How to Make a Pattern in Illustrator
Are you looking for ways to spice up your artwork? Pattern creation is an essential element in graphic design. You can make a pattern from scratch or customize a pattern in Illustrator. Adding patterns to objects, texts, and photos can take your designs to another level. But they can be a pain to create if you don’t properly understand basic pattern-making steps.
This tutorial will demonstrate ways you can make patterns in Illustrator.
Making Patterns in Illustrator
Illustrator provides two primary ways for pattern creation. You can either use the Pattern Maker or manually build your design. Using Illustrator’s Pattern Maker is a smart choice if you’re a beginner. Manually designing a pattern is a complex process, often used by expert designers. Below are instructions to help you create patterns using the Pattern Maker:
- Launch Illustrator.
- Create an object.
- Select the shape.
- Click on the “Object” tab.
- Select “Pattern” from the drop-down menu.
- Choose “Make” from the pop-up menu.
- Select “OK” on the new window notifying you that the pattern has been added to the Swatches panel.
The new dialogue box will also inform you that any changes made after this step will affect the created pattern. Once you’ve completed your design, Illustrator will provide you with options to change your pattern.
Editing Patterns in Illustrator
You can skip this process if you’re happy with the pattern you created. Once the pattern has been added to the Swatch panel, a “Patterns Options” dialog box will appear. Follow the steps below to tweak your design:
- Assign your pattern a name under the “Name” field in the “Patterns Options” panel.
- Go to “Tile Type.”
- Click on the down-facing arrow to select a design.
- Choose “Size Tile to Art” if you want the tile to attach to the artwork edges close to it.
- If you want the tile to follow along when adjusting the pattern position, select “Move Tile with Art.”
- Add positive values in the H Spacing and V Spacing fields to put some space between the box and artwork if needed.
- Go to “Copies.”
- Select the copies of the file type you need.
- The pattern will move from your window to the Swatches panel.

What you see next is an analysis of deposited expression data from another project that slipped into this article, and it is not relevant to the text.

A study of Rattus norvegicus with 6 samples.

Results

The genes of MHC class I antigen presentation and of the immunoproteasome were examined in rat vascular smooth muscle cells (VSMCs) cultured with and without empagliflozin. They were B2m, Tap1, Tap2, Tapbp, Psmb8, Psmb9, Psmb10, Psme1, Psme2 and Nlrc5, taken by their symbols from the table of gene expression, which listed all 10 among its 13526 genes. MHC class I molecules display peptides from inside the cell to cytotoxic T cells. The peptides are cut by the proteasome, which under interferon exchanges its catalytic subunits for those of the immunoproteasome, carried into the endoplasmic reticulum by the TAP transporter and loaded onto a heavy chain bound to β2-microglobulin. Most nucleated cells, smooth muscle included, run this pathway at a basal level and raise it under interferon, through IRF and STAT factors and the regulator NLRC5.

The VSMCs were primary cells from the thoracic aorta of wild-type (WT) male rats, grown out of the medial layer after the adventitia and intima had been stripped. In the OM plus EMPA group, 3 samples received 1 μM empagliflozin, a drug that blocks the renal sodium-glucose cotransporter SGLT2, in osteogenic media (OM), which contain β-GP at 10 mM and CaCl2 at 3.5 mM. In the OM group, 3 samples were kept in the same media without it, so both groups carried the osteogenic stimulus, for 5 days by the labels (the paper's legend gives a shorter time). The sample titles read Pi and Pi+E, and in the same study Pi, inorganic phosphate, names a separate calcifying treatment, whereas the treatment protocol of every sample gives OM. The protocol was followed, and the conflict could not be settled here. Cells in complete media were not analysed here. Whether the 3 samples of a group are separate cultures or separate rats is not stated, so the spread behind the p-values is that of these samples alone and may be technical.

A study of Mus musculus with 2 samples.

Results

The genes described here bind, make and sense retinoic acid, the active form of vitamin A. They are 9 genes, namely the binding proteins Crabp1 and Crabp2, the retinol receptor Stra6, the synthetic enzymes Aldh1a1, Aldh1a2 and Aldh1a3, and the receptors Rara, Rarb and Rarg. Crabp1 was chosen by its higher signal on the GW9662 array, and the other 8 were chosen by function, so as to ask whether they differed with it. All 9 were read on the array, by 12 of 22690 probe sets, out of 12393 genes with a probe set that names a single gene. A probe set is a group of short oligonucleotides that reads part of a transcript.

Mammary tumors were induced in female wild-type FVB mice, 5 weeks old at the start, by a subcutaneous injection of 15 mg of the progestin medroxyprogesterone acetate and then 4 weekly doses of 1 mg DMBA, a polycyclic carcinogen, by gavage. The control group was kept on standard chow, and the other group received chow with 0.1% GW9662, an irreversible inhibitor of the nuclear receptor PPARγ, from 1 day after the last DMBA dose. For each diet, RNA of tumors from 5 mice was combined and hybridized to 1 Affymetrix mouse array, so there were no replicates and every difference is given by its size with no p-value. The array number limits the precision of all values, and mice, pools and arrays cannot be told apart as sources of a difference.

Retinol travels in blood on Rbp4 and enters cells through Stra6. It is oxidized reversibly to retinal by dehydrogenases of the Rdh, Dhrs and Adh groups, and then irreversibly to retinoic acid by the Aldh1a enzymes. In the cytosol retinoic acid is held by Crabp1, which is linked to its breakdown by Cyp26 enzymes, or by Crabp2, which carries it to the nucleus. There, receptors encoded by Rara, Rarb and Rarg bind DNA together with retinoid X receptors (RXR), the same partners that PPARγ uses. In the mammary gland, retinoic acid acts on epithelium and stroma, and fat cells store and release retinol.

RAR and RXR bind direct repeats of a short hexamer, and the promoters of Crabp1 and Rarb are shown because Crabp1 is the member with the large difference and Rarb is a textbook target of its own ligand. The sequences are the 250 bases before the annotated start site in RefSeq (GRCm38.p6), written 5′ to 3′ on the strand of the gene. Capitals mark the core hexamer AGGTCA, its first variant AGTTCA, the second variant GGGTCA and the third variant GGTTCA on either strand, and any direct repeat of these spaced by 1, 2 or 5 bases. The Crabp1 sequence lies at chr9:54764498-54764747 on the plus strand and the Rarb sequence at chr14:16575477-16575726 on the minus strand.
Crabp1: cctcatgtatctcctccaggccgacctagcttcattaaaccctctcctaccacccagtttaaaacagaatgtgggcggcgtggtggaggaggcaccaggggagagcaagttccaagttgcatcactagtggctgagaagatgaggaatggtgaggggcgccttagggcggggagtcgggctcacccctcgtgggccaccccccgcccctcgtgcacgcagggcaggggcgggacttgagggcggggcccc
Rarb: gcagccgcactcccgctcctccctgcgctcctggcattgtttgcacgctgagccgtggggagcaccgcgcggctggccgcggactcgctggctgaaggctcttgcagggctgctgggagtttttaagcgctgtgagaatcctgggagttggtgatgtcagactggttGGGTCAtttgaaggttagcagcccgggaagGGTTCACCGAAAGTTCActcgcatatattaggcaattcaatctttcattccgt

The width and height fields on the Pattern Options dialog box show the size of the tile type box applied. The default tile type is Grid, while the Copies’ default measurement is 3X3. Placing negative values in the H-spacing and V-spacing options will make your objects overlap.
There is a quick way to move your pattern to the Swatches panel. Select the items in your pattern, then drag and drop them into the swatches library.
If you need to tweak the pattern later on, you can do so easily. Just go to the Swatches panel and double-click on the item. This will open up the Patterns Options window. You can make your changes to the pattern once this is done.
Editing Specific Objects Within a Pattern
Illustrator allows you to make specific alterations to your pattern. The steps below will guide you through the process:
- Open the “Swatches” panel.
- Double-click on the object.
- Go to the Patterns Options panel.
- Click on the object you want to change inside the Tile Type box.
- Make the changes.
The changes you make in the Tile Type box will be translated across the whole pattern. However, it isn’t possible to make these adjustments when working with a raster image.
Understanding Illustrator Tile Patterns
There are some basic concepts regarding pattern tiles that you need to understand for better design creation. The points below will help explain tiling:
- Pattern tiles start from the ruler’s origin. This means they move from the artwork’s bottom-left region toward its opposite direction.
- Changing the file’s ruler origin will move the point where the tiling begins.
- You’ll only work with one tile when using Fill patterns.
- By contrast, brush patterns utilize up to five tiles. These patterns tile perpendicular to the path.
- Your Fill patterns will tile perpendicular to the artwork’s X-axis.
- Fill patterns tile artwork inside the pattern bounding box only. Brush patterns also tile artwork within this box but also those grouped with it.
Types of Pattern Tiling
Grid is Illustrator’s default tile type. The tiling is arranged so that each tile’s center is vertically and horizontally aligned to the center of the tiles next to it.
Brick by Row
This tiling is rectangular in shape and created in a row. The tiling layout in columns is all vertically aligned using its center. But, the rows tiling center is horizontally aligned.
Brick by Column
Unlike the tile type, the rectangles in this layout are arranged in columns. The columns have the tile’s center aligned vertically, while the center of the tile’s alternate columns are horizontally aligned.
Hex by Column
This tile type follows a hexagonal pattern and is arranged in columns. The column tile’s center is vertically aligned. Alternating columns have their center horizontally aligned.
Hex by Row
As suggested by the name, this layout is hexagonal and arranged in rows. The row’s tiling center is horizontally aligned, while alternate rows have their tile center vertically aligned.
Elevate Your Pattern-Building Skills
Illustrator provides powerful aids to help you create and use patterns. This design tool can help you save time and boost your performance. Understandably, before CS6, it wasn’t easy to edit and play around with pattern swatches. But, current Illustrator updates have made pattern building a fun and seamless design aspect. They offer you more control and flexibility. This article explains how to work with old and new Illustrator versions to create unique patterns.
Which Illustrator version are you currently using? Have other tips on creating brilliant pattern designs? Let us know in the comments section below.